Super-Strong Diamond Nanothread Has People Dreaming Of A Space Elevator

The molecular structure of diamond nanothread (DNT). John Badding Lab / Penn State University

Diamonds are supposedly a girl’s best friend, and soon they might be the best friend of any engineer looking for a material stronger than carbon nanotubes and graphene. A new microscopic structure, called diamond nanothread (DNT), shows the potential to revolutionize material science.

A team from the Queensland University of Technology in Australia modeled the properties of this DNT and found that the length of the thread doesn’t significantly affect its strength. The results are presented in a paper uploaded to ArXiv.

This, understandably, has people imagining futuristic structures that could transport people and cargo into space with relative ease: space elevators. "If the new models turn out to be correct, this material could have a bright future in all sorts of applications, from nanotechnology to electronics to yes, maybe even space elevators," said Gizmodo, while Motherboard added: "The new simulation, published earlier this month, has reinvigorated hope about the promising aerospace properties of what might be the world’s strongest substance."

While that sounds exciting, don't get too carried away just yet. The material has only been produced at a length of 90 nanometers, so there is still a long way to go before anything like this comes to fruition. Although we are not yet ready to produce meter-long DNT (let alone the hundreds of kilometers needed for a space elevator), the technology could be used to produce highly durable three-dimensional nano-architectures.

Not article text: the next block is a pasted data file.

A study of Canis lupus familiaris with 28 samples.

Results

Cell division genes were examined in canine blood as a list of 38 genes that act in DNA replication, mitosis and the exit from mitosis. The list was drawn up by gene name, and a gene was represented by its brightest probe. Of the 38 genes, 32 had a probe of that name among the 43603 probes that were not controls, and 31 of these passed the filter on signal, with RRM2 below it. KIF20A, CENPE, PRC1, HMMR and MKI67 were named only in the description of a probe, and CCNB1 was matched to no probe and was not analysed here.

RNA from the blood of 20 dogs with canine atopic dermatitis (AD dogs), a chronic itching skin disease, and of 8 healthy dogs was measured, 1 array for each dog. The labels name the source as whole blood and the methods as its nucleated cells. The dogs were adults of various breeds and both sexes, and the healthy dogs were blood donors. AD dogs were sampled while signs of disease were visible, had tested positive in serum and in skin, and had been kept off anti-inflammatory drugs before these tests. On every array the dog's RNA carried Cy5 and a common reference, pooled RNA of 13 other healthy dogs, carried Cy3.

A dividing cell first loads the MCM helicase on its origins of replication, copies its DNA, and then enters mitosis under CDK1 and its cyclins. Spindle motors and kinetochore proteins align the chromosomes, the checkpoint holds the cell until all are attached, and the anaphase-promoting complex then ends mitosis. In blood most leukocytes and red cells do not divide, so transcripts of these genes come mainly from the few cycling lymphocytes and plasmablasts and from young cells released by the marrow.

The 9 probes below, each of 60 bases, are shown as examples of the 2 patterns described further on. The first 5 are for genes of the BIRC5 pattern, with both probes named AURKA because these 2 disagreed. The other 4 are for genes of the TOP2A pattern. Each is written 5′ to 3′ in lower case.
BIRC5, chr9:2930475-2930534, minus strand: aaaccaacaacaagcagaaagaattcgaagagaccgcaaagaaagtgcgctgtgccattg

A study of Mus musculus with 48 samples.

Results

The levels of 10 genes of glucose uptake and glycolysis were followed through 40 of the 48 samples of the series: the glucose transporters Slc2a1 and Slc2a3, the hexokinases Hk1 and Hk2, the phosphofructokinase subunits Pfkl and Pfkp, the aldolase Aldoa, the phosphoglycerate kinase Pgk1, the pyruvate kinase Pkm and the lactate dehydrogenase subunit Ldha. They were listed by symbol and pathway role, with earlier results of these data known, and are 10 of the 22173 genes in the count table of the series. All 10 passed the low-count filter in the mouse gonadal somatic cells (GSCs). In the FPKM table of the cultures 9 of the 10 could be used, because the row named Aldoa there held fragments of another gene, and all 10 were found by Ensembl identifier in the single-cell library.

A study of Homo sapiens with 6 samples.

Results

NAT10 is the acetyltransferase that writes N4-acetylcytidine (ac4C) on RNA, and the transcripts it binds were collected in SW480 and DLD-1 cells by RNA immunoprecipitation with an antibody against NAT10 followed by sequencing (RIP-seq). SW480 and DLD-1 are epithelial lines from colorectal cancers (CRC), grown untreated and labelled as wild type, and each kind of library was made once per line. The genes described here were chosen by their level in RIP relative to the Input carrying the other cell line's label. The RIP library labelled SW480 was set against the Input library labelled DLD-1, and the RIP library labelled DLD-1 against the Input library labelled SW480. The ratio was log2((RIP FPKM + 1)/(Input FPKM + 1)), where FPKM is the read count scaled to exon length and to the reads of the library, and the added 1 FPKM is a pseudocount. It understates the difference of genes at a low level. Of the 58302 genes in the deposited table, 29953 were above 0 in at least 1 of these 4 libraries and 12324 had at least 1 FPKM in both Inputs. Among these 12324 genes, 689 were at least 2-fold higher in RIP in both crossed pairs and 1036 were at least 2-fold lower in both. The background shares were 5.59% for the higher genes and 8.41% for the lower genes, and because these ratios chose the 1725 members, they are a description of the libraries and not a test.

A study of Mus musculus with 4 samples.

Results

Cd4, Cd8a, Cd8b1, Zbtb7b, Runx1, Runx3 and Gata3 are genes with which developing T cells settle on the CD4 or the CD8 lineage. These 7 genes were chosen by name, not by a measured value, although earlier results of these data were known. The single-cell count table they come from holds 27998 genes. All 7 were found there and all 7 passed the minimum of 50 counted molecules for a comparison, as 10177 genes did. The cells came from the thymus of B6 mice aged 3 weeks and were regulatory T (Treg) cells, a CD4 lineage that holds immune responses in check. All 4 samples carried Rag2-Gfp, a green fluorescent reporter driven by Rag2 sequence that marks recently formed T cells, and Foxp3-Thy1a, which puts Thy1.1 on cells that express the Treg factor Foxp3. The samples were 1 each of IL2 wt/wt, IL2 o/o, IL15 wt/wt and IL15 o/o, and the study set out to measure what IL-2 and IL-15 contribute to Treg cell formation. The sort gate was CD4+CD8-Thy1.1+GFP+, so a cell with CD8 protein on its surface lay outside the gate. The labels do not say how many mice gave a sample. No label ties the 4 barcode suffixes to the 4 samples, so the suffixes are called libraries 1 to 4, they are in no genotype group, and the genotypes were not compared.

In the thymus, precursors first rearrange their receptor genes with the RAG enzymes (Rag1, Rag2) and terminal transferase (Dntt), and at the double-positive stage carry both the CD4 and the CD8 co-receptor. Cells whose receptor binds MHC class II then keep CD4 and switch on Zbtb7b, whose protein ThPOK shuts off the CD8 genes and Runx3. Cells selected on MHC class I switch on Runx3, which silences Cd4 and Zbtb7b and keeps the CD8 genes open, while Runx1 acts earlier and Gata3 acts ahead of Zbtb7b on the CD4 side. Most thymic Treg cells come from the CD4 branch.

The DNT is formed by putting benzene molecules (a by-product of fossil fuel combustion) under very high pressure, which changes the two-dimensional ring structure into a three-dimensional diamond-like crystal. The diamond-like structure not only makes the nanothread strong, it also makes it ultra-light and very ductile.

Every type of DNT has a very high Young’s modulus, the measurement of how much force is needed to stretch or compress. The value for the strongest type of DNT is around 900 gigapascal (1 GPa is about 10,000 atmospheres); for comparison, the Young’s modulus for steel is 200 GPa and for diamond is over 1,200 GPa.

DNTs are made of carbon and hydrogen, and based on how they perform under stress, scientists believe they could be a better alternative in material science than carbon nanotubes.

Carbon nanotubes have many potential technological applications but, for better or worse, their development is constantly linked to the idea of building a space elevator. The longest carbon nanotube produced is not even half a meter (1.5 feet), but if the properties of DNT hold to longer lengths, they could make the dream slightly more real.